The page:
Timber condition and structural surveys are an important way of confirming whether the timber (mainly structural timber) is performing to the requirements in which it was designed.

Whether it’s a historical listed building that is undergoing refurbishment, or a timber structure that requires regular maintenance inspections for safety purposes, timber condition and structural surveys provide data on the current structural integrity of individual members inspected.

A timber condition survey will identify the presence and extent of any fungal decay (wet rot and dry rot), insect damage and any other deterioration that may have occurred in an existing timber member that forms part of a structure.

The timber condition and structural surveys process

The key to a survey is determining whether the timber is structurally sound, damp or rotting and, therefore, whether or not they will remain capable of supporting existing loads or of dealing with new loads that may be imposed.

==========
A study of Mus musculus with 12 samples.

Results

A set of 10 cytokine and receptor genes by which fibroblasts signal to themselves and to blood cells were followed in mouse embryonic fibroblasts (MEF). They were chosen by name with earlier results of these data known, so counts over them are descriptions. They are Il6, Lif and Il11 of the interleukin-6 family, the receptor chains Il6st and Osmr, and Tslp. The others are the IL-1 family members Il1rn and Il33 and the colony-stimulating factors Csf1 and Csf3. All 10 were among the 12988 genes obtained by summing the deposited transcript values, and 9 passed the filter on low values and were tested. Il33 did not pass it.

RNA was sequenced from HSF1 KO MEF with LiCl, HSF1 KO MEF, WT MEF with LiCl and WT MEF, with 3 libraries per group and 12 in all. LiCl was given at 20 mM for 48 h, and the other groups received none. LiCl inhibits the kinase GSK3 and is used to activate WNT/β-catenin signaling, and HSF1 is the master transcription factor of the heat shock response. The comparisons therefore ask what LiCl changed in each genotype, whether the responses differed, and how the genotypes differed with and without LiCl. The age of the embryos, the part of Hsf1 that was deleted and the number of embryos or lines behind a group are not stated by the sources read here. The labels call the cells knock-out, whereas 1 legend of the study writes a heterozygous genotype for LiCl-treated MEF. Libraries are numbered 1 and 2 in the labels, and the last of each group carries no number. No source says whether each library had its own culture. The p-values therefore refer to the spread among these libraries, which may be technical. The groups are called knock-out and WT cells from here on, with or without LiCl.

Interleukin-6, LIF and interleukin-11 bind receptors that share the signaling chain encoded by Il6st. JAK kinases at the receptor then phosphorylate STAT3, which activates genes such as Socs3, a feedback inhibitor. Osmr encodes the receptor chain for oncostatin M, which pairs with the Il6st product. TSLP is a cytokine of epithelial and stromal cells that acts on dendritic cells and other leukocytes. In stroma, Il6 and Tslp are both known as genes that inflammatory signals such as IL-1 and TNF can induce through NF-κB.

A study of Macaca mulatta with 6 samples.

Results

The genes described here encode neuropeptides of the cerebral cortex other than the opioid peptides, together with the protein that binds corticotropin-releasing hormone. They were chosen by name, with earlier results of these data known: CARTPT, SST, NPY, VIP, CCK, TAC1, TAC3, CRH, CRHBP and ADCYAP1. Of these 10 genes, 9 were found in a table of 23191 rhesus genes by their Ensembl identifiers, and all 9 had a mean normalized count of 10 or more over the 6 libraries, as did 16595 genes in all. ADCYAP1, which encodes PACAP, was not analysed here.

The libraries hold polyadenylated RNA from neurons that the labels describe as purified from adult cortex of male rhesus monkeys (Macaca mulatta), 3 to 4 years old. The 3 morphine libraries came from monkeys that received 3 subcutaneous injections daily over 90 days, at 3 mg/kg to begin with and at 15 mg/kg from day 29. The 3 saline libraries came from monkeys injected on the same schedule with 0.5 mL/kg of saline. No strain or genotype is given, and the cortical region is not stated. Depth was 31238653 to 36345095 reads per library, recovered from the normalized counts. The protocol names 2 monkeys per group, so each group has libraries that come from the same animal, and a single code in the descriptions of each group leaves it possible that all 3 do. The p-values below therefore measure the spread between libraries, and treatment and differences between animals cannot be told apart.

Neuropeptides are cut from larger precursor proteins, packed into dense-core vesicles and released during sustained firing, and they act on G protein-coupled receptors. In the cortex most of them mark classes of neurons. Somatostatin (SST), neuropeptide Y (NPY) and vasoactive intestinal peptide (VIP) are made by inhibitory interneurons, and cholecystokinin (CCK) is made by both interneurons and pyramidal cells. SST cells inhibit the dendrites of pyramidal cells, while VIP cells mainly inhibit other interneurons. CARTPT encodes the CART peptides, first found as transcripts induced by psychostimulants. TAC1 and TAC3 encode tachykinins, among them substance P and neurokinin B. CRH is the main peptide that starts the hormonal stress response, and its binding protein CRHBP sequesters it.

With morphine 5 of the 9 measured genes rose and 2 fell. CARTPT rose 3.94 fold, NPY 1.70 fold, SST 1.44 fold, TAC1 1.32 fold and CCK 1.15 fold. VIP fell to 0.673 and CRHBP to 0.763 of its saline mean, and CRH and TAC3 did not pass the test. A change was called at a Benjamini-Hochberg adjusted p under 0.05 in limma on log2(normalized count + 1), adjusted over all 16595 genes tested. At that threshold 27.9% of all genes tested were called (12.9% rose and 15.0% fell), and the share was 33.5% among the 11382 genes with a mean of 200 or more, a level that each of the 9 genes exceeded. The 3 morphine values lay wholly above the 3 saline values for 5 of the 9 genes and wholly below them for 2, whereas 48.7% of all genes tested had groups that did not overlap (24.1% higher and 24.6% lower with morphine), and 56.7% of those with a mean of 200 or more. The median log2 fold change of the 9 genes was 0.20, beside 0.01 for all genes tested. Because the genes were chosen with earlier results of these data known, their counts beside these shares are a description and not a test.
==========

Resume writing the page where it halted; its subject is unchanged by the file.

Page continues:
Timbers are closely examined by experienced and specialist BM TRADA consultants by way of non-destructive methods. It is important to examine the right places e.g. not just the beam that you can see, but also the bearing sections that can be embedded in external wall – an area where water is easily trapped, and where the risk of finding decay is higher. A beam can be structurally sound along its central span, but if the bearing end is completely decayed, then structural repair works will be paramount.

Is important to employ an experienced consultant who has the expertise and specialist equipment to enable the survey to extend beyond what is visible by the human eye. This can include microprobe decay drilling techniques and using a range of insulated moisture meter probes that can record moisture contents below the surface of the timber. Data gathered from the on-site inspections can then be used to provide information on the current condition, and whether or not repair/replacement works are recommended to preserve the service-life of the timber. These timber condition surveys are often used in conjunction with in-situ visual strength grading which provides the appropriate strength class to each timber e.g. C16 and C24.

 

Article written by engaged expert Ben Sharples, Technical Consultant.